Reynaldo Lopez continues to impress in spring with two scoreless innings

Lopez, looking for a bounce-back year, is pushing for a spot in the White Sox’ rotation.

SHARE Reynaldo Lopez continues to impress in spring with two scoreless innings

Reynaldo pitches against the Indians Saturday in Goodyear, Ariz. (Daryl Van Schouwen)

GOODYEAR, Ariz. — Right-hander Reynaldo Lopez needs to bounce back and be more like the pitcher he was in 2018 — the best in the White Sox’ rotation — than the one who posted 5.38 and 6.49 ERAs the last two seasons.

Lopez needs that to earn a spot as a reliever in 2021. But if his first outing of the spring was an indication of where he’s headed, he will push left-hander Carlos Rodon for the No. 5 starter’s role.

A tightened-up arm swing strongly suggested by new pitching coach Ethan Katz produced good results for Lopez in the offseason, and they were on display in his first Cactus League appearance Saturday. He pitched two perfect innings with one strikeout against the Indians.

‘‘I felt good with all my pitches,” Lopez said through a translator. ‘‘I’ve been feeling good since I got here.’’

Lopez, 27, worked exclusively from the stretch, which Katz suggested as a way to keep him in line with home plate.

‘‘With the new arm action, all my pitches are better,’’ Lopez said. ‘‘They’re going to have better action, more life, especially my fastball. I’ve been more consistent with it. But all my pitches are going to be better.’’

Manager Tony La Russa has been impressed with Lopez all spring.

‘‘He’s impressed everybody,’’ La Russa said.

Rodon throws live BP

Rodon threw three innings of live batting practice and might get his first start in a few days, La Russa said. The Sox re-signed Rodon, who is healthy after battling elbow and shoulder injuries, after non-tendering him and are eyeing him to pitch at the back of the rotation.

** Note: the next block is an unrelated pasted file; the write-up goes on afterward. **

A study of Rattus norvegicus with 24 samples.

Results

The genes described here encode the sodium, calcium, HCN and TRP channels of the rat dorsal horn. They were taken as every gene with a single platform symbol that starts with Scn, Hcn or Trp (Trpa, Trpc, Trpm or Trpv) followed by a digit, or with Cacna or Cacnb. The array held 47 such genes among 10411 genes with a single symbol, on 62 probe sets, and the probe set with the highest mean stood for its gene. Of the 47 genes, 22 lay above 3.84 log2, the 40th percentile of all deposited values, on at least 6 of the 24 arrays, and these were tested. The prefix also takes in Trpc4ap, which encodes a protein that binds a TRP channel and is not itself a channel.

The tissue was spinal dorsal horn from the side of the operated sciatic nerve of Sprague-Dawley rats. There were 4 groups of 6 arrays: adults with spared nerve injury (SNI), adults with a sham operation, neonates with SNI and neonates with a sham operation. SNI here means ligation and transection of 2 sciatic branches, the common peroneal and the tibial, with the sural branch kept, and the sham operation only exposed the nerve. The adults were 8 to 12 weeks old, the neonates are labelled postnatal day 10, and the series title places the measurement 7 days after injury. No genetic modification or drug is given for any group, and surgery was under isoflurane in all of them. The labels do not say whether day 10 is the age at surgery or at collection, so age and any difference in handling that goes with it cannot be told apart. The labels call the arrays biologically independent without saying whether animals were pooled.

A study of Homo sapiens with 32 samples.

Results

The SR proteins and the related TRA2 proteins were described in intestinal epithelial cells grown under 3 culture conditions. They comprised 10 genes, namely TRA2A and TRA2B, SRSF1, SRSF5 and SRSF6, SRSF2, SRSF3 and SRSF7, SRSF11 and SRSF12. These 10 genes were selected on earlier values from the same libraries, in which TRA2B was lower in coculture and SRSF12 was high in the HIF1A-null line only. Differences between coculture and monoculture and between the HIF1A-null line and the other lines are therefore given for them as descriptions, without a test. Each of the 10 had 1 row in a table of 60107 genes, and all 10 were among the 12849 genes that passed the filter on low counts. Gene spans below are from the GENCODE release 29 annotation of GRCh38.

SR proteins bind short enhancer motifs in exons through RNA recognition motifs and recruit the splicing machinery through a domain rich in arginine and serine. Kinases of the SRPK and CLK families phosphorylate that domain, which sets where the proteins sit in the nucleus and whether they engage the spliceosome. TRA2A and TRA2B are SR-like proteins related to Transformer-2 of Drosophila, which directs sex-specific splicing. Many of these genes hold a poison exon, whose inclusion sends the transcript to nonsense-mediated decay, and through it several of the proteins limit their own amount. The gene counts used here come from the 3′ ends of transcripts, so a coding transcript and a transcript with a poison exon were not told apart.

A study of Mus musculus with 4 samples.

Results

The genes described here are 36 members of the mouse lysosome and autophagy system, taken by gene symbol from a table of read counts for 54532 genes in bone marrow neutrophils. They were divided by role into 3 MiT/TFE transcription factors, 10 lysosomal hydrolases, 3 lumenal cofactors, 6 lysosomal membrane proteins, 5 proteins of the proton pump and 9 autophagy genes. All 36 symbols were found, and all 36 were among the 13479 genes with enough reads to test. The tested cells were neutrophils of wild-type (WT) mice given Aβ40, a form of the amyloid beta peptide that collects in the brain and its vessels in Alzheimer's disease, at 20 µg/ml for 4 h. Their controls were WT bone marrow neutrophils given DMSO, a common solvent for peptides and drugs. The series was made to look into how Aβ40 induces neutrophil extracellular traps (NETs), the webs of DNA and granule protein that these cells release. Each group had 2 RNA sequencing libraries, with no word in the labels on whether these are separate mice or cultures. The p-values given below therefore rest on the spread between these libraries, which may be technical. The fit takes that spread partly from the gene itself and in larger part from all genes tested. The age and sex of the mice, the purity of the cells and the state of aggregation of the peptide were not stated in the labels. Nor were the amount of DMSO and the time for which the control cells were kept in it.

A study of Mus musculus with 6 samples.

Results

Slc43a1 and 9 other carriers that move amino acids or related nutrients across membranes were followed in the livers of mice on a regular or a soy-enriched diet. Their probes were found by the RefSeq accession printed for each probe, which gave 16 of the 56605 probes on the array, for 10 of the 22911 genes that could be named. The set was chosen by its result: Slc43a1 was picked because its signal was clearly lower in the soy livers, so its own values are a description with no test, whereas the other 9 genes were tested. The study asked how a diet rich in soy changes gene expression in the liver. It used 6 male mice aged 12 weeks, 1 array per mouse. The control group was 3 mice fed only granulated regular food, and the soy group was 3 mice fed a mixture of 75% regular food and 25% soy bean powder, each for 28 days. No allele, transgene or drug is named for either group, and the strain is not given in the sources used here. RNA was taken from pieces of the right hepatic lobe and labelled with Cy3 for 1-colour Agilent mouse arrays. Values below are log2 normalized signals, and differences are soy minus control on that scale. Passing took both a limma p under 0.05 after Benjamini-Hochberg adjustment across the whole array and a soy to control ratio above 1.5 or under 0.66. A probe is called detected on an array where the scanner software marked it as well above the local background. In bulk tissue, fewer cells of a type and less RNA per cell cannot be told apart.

‘‘Since he [re-]signed, he’s looked at a ton of tape,’’ La Russa said. ‘‘[He and Katz] worked together. Since he showed up here, the ball’s around the plate, stuff looked good to me, breaking ball was sharp. I’m looking forward to seeing him in a game. So far, he’s looking good.’’

Stone bullish on Cease

With Lucas Giolito, Dallas Keuchel and Lance Lynn, the top three-fifths of the Sox’ rotation is covered. And presumed No. 4 starter Dylan Cease has Cy Young-caliber stuff, as Keuchel put it.

‘‘I believe Dylan is going to take a few steps forward,’’ Sox broadcaster and former Cy Young winner Steve Stone said. ‘‘He’s a smart guy, and Ethan Katz will be the best thing to ever happen to him. They’ll be able to speak the same language and relate.’’

Cease, 25, also will benefit from having Giolito, Keuchel and Lynn around for 162 games, Stone said.

Cease posted a 4.01 ERA last season, featuring upper-90s velocity and sharp breaking stuff. His command was elusive, though, and he couldn’t be trusted to start Game 3 of the American League wild-card series against the Athletics.

‘‘His stuff is all there,’’ Stone said. ‘‘But even the power pitcher has to learn a little finesse, when to use the big fastball and when to back off a little bit. Lucas did a great job of that, and Dylan will be able to do the same thing. He has a very good chance to be a really good starting pitcher. All the pieces are in place. The rest is up to Dylan.”

Cease, who hasn’t appeared in a spring game yet, pitched three innings of live batting practice Friday. La Russa said he was excellent.